On November 18, 1910, the Norfolk Equal Suffrage League was organized during a meeting at her home. Adams served as the league's first president. Unlike her fellow Virginia suffragists, she advocated a militant approach to winning the vote for women. She shunned educational activities to speak in the city's streets and march in Washington, D.C., during President Woodrow Wilson's inaugural parade. Her actions prompted a rift in the conservative Norfolk league and a reprimand from state league headquarters in Richmond. She invented two popular suffrage games (now lost), Politics and Political Auction, which were sold in Virginia and Maryland in 1913 to raise funds for suffrage work.
Adams joined the Congressional Union for Woman Suffrage—a more militant group renamed the National Woman's Party in 1916—and served as president of the Norfolk branch from 1917 to 1920. She was one of thirteen picketers arrested for attempting to flaunt their banners in front of Woodrow Wilson's reviewing stand before a Selective Service parade on September 4, 1917. The suffragists chose prison over a $25 fine and were sent to the workhouse at Occoquan, in Fairfax County, where Adams spent time in solitary confinement deprived of her blanket, hairbrush, and toothbrush.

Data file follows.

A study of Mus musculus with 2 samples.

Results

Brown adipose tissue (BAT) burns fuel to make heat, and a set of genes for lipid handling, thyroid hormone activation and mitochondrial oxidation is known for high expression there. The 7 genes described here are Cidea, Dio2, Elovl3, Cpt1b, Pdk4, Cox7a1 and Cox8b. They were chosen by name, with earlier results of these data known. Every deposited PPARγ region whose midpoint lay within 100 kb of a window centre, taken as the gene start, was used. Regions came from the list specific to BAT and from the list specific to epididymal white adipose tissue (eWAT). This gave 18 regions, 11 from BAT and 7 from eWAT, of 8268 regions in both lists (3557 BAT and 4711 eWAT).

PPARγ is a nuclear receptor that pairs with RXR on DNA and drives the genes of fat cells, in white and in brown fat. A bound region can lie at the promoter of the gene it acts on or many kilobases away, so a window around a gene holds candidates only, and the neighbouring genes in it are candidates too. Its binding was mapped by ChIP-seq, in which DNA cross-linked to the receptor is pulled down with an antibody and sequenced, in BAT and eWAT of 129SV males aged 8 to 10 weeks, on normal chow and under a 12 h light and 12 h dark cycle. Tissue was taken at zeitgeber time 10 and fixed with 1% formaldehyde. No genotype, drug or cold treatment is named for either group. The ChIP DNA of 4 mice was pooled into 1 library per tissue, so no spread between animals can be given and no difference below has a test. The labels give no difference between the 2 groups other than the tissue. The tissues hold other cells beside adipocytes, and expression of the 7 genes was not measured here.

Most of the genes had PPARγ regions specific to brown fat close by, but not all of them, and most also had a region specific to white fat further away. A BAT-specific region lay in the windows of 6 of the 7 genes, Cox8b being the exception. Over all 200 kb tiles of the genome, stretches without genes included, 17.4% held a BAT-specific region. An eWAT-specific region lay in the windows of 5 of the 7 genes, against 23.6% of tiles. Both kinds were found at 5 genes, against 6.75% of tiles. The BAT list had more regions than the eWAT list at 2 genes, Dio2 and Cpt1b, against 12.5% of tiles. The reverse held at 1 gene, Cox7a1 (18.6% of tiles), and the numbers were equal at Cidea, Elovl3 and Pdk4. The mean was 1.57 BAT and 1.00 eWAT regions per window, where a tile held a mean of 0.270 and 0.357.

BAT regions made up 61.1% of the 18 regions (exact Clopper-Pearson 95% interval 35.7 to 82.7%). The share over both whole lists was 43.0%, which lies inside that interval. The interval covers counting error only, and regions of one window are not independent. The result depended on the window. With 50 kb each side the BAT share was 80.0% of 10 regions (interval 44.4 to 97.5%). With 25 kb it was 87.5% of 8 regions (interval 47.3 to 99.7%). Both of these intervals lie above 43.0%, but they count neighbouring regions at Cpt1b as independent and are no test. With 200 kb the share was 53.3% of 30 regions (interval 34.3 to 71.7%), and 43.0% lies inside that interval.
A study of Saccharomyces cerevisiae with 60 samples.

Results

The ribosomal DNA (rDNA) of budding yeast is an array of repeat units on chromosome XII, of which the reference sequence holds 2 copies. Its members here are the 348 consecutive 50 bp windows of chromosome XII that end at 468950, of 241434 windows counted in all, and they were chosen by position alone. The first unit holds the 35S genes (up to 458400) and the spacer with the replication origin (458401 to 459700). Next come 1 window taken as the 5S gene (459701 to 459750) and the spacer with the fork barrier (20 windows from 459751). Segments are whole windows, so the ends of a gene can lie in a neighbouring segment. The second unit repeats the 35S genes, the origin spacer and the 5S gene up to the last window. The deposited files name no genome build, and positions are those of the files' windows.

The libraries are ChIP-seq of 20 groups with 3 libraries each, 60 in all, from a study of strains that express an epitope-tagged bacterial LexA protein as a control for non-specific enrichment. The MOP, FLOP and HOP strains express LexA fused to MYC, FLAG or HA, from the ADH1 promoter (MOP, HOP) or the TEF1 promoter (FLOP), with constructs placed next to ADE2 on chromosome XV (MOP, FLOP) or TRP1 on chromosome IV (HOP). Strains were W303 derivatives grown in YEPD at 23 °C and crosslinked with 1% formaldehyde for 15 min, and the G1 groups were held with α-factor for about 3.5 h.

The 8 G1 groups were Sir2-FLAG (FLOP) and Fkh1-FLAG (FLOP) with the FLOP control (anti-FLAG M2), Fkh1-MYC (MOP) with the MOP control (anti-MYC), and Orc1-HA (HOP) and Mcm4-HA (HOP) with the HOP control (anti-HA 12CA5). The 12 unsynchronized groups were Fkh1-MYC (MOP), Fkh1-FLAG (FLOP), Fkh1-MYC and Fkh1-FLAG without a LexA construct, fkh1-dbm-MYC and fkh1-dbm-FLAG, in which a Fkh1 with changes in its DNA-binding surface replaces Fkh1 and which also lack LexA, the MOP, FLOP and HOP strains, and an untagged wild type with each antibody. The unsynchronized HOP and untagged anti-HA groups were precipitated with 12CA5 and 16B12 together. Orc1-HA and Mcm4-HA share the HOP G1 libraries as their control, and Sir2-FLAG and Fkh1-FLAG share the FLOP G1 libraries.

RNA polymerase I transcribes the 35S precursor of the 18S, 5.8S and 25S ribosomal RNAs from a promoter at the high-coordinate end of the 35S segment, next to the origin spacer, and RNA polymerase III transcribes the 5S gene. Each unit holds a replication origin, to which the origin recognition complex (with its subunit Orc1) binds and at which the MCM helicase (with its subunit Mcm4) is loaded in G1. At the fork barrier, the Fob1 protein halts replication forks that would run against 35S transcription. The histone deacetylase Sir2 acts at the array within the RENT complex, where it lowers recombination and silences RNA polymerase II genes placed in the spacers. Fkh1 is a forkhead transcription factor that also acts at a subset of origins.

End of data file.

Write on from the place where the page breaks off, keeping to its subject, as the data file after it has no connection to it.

After passage of the Nineteenth Amendment in August 1920, Adams looked for new challenges. She passed the bar examination in 1921 and became the second woman to practice law in Norfolk. Adams remained involved in the political arena where she had fought so hard to win a place. She ran unsuccessfully for the city council and worked for the campaign of Norfolk's Sarah Lee Fain, one of the first two women elected to the House of Delegates in 1923.
Reprinted with permission of the Library of Virginia.